Beliefnet
Rod Dreher

I e-mailed a physician friend and medical school professor today to tell him about Dr. Tim Lindsey, and the incredible personal care he’s giving to my cancer-stricken sister, who recently became his patient. I recalled for my friend a conversation I’d had with Tim in the hospital last week, in which Tim said he loved being a small-town doctor because he got to treat the whole patient — the heart and the soul, not just the body. He explained to me that he knew his patients’ families, he knew where they came from, he had a context in which to understand their disease. That’s something he doesn’t know if he’d be able to have if he practiced in a big city, he said — but it’s so vital to the kind of healing he does.
This is actually an insight key to Traditional Chinese Medicine. For TCM practitioners, disease is never something confined merely to the body. It has a relationship with the mind, and with the context in which the patient lives. That is to say, TCM recognizes that you cannot easily separate the biological organism from the context in which it lives — an insight that has a number of implications for understanding how to heal the whole person, not just the affected parts of the body.
In Western medicine, if our understanding of “healing” is limited to “eliminating the symptoms of disease,” then we won’t necessarily pay attention to these other factors. But a more holistic view of healing, one that includes “eliminating the symptoms of disease,” but also treating other factors arising from sickness, requires it. For example, Dr. Lindsey has taken an active interest in helping Ruthie’s children deal with their mother’s illness, not only, I think, because it’s the compassionate thing to do, but also because it’s part of the way he’s helping to heal Ruthie. He knows she cannot fight this cancer as well as she should if she is stressed over her children, so that’s part of the treatment. Or so it seems to me. Ruthie’s husband Mike was telling me that he can’t believe how much time Dr. Lindsey takes to listen to them — this, as opposed to rushing in, hearing a list of symptoms, writing out a prescription and going off to the next patient.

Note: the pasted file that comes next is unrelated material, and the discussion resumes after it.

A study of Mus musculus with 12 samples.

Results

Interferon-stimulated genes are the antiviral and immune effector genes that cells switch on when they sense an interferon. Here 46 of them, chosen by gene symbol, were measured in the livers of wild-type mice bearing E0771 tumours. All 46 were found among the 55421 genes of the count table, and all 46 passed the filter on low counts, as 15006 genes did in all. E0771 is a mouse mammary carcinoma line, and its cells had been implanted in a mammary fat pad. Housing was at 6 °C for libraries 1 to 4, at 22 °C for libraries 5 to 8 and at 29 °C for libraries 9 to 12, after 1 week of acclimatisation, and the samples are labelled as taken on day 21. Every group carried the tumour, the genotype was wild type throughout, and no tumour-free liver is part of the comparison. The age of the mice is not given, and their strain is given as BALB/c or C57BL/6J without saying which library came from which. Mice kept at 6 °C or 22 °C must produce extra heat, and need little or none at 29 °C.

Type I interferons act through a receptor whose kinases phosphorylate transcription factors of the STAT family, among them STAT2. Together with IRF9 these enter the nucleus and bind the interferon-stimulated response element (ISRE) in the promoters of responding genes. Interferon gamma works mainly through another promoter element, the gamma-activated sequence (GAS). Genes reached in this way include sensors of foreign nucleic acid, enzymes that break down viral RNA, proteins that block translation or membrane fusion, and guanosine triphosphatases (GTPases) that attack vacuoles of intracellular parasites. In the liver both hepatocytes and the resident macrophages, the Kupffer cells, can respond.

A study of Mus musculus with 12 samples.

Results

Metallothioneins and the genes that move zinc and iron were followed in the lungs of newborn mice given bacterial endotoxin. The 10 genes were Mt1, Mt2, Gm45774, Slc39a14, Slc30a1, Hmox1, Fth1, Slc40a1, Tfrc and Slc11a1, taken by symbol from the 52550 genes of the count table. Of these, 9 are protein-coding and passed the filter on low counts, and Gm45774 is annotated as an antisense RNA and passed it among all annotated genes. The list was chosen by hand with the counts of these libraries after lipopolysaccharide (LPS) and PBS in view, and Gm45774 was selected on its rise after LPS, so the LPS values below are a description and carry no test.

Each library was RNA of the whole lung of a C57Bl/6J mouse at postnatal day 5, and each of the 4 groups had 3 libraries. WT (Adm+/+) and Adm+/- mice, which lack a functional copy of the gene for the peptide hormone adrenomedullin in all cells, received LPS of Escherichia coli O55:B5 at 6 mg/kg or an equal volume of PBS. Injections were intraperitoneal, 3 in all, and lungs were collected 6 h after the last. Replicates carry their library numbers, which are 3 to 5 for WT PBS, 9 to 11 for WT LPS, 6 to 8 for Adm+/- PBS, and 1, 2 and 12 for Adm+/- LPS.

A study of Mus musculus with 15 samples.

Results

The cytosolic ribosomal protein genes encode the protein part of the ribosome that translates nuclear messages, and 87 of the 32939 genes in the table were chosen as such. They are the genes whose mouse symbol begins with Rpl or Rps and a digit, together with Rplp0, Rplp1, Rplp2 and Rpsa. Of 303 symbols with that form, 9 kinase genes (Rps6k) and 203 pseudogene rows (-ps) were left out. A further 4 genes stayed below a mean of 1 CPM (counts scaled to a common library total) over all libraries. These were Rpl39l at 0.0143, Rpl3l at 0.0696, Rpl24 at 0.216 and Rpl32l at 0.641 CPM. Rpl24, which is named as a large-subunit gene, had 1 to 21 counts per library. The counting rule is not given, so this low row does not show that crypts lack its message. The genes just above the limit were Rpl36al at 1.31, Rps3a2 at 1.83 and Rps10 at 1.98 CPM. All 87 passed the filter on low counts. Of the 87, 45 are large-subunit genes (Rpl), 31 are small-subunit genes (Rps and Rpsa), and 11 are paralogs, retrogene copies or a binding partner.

Dr. Abraham Verghese, the physician friend to whom I wrote earlier today about Dr. Lindsey, is deeply concerned about the technological mindset among American doctors today, and how our physicians have lost the human touch. Here he writes about the importance of the exam ritual, in part because it “conveys to the patient that we are with them on the journey, we will not abandon them.” Elsewhere, Dr. Jerome Groopman has written about how American doctors have lost the ability to see their patients as human beings, with a narrative and a context — and that an overdependence on technology can lead to misdiagnosis, and even a break in the sacred bond between a doctor and his patient. Groopman:

But only recently has medical care been recast in our society as if it took place in a factory, with doctors and nurses as shift workers, laboring on an assembly line of the ill. The new people in charge, many with degrees in management economics, believe that care should be configured as a commodity, its contents reduced to equations, all of its dimensions measured and priced, all patient choices formulated as retail purchases. The experience of illness is being stripped of its symbolism and meaning, emptied of feeling and conflict. The new era rightly embraces science but wrongly relinquishes the soul.
In his book Carrying the Heart, Dr. Frank González-Crussi, a professor of pathology at Northwestern University, has made a sharp departure from medicine as a cold world of clinical facts and figures. Rather, he asks us to return to a view of the body not as a machine but as a wondrous work of creation, where both the corporeal and the spiritual coexist.

I wonder if there is actually a profound philosophical point in Tim’s view that he doubts he could give his patients the kind of care they need if he didn’t practice in a small town — a rich information environment that cannot be reduced to data points. Is it perhaps the case that family medicine can most effectively be practiced in a “small is beautiful” environment? That is, to be a real healer, not just a technologist of medicine, you need to practice in a social context that embeds you in the community from which your patients come?
What would E.F. Schumacher’s “small is beautiful” ethic look like applied to the field of family medicine? How would family medicine (as distinct from specialized medicine) look different if Schumacher’s economic and moral insights about the human cost of abstraction and technologization were appropriated in a serious way by general practitioners?